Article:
While Chasing Gujarat, AAP Leaders Believe They Lost Out on a Chance in Himachal Pradesh

Several AAP leaders in Himachal blame the party's performance on incorrect strategy, saying that it should not have lost focus.

Chandigarh: “Let’s accept it, we had a good chance here but we messed up,” I.D. Bhandari, former state DGP and vice president of the Aam Aadmi Party’s Himachal Pradesh unit told The Wire. The party was decimated in the 2022 state assembly polls, not winning even a single seat.

As per the latest poll results, the party got a little over 1% of the vote share. AAP candidates lost their security deposits in most of the state’s 68 constituencies.

Soon after AAP won the Punjab assembly elections in March this year, pollsters were confident that AAP would do well in neighbouring Himachal Pradesh too.

At the time, the ruling Bharatiya Janata Party was looking shaky under incumbent chief minister Jai Ram Thakur. There was also a leadership vacuum in the Congress after Virbhadra Singh’s death.

This led many to think that AAP could emerge as an alternate political force and change the state’s two-party politics, like it did first in Delhi and then in Punjab.

As expected, AAP launched a membership drive to expand the party’s presence in the hill state. It saw an initial success, adding more than five lakh members in a small state within a span of one month after the Punjab results.

Both AAP national president Arvind Kejriwal and newly elected Punjab chief minister Bhagwant Mann held multiple road shows.

Bhandari told The Wire that the party’s campaign began on the right foot. It was expanding organisationally and doing reasonably well before it shifted gears to Gujarat in June and July, thinking that it had a better chance in the western state.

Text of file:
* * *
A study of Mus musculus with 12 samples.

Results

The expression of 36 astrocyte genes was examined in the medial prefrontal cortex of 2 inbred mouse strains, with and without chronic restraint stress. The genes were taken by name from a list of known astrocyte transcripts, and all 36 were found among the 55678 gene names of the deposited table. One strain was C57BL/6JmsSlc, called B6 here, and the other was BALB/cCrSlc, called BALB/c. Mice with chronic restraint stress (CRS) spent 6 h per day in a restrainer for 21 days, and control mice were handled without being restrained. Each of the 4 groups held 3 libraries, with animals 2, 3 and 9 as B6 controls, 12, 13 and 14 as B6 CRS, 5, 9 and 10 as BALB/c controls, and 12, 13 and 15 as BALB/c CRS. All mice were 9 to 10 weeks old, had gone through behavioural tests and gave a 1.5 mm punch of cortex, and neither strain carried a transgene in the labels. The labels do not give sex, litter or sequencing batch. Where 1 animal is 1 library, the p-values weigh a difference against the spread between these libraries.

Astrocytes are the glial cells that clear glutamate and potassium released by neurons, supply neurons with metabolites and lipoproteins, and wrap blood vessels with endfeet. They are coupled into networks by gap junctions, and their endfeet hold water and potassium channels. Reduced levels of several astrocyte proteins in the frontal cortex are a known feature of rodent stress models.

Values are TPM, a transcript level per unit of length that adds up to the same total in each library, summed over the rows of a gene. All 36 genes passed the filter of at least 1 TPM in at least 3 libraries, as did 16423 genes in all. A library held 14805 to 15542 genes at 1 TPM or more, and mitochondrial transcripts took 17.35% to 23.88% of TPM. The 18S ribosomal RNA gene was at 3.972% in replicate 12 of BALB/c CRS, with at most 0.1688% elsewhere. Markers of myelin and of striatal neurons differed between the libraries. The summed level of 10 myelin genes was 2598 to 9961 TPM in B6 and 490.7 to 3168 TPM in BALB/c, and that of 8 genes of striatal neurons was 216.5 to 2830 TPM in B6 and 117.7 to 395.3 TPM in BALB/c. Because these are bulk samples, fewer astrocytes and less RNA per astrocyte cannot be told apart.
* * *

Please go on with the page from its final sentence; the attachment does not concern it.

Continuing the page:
When asked whether it was an incorrect strategy on the party’s senior leadership’s part to desert Himachal Pradesh over Gujarat, Bhandari nodded, saying that AAP could have run an effective campaign in both states but chose to focus only on Gujarat, leaving Himachal in a state of utter confusion.

During the course of the campaign here, the party changed its state in-charge thrice – first it was Durgesh Pathak, then Sandeep Pathak and then Harjot Bains, a minister in the party’s Punjab government.

Senior AAP leaders including Kejriwal, Mann and Manish Sisodia all focused on the Gujarat campaign, while leaving the Himachal Pradesh arm to junior leaders and MLAs from Punjab.

The Wire spoke to several AAP leaders in Himachal who agreed with Bhandari and felt the party’s campaign had been neglected here.

Gaurav Sharma, former party spokesperson in Shimla, who is now in the BJP, alleged that the AAP leadership was not serious about Himachal. He said there was a lot of enthusiasm among the youth in the state when AAP began its engagement drive. But everything fizzled out when they saw how badly the party was being run ahead of the polls.

“Even merit was ignored in selecting candidates,” he added.

Only poll promises not enough to win

AAP’s lacklustre performance is an indication that just poll promises – or guarantees, as AAP likes to call them – are not enough to win elections.

Like in Gujarat, AAP had announced a series of promises including free electricity up to 300 units, a Rs 3,000 per month jobless allowance, Rs 1,000 per month to women and implementation of an old age pension scheme for government employees in Himachal Pradesh. But none of these could resonate with the public in the absence of credible leaders and an energetic campaign.

On why AAP lost the state elections, the party’s Himachal Pradesh president Surjeet Thakur said, “Our campaign definitely failed to resonate with the public, but the BJP’s dirty politics is also equally to blame.”

He said the party was doing well under its senior leader and Himachal election in-charge Satyender Kumar Jain, who helped the party gain momentum in the hill state after its Punjab victory. “But the BJP deliberately used central agencies to put him behind bars on a false case. This derailed our Himachal campaign at a later stage,” he added.

However, he told The Wire that despite the defeat, AAP should be given credit for setting the election narrative in these polls. “Earlier, the Himachal polls were hardly fought on people’s issues. It was because of our campaign that both the BJP and Congress were forced to focus on health, education and electricity,” he said.

Thakur did not seem to believe that the party had lost focus in Himachal. “We are a small party. The focus was more on Gujarat since it is a large state. But we did not leave Himachal behind and were aggressively running our campaign. We will definitely improve [our performance] in the future,” he said.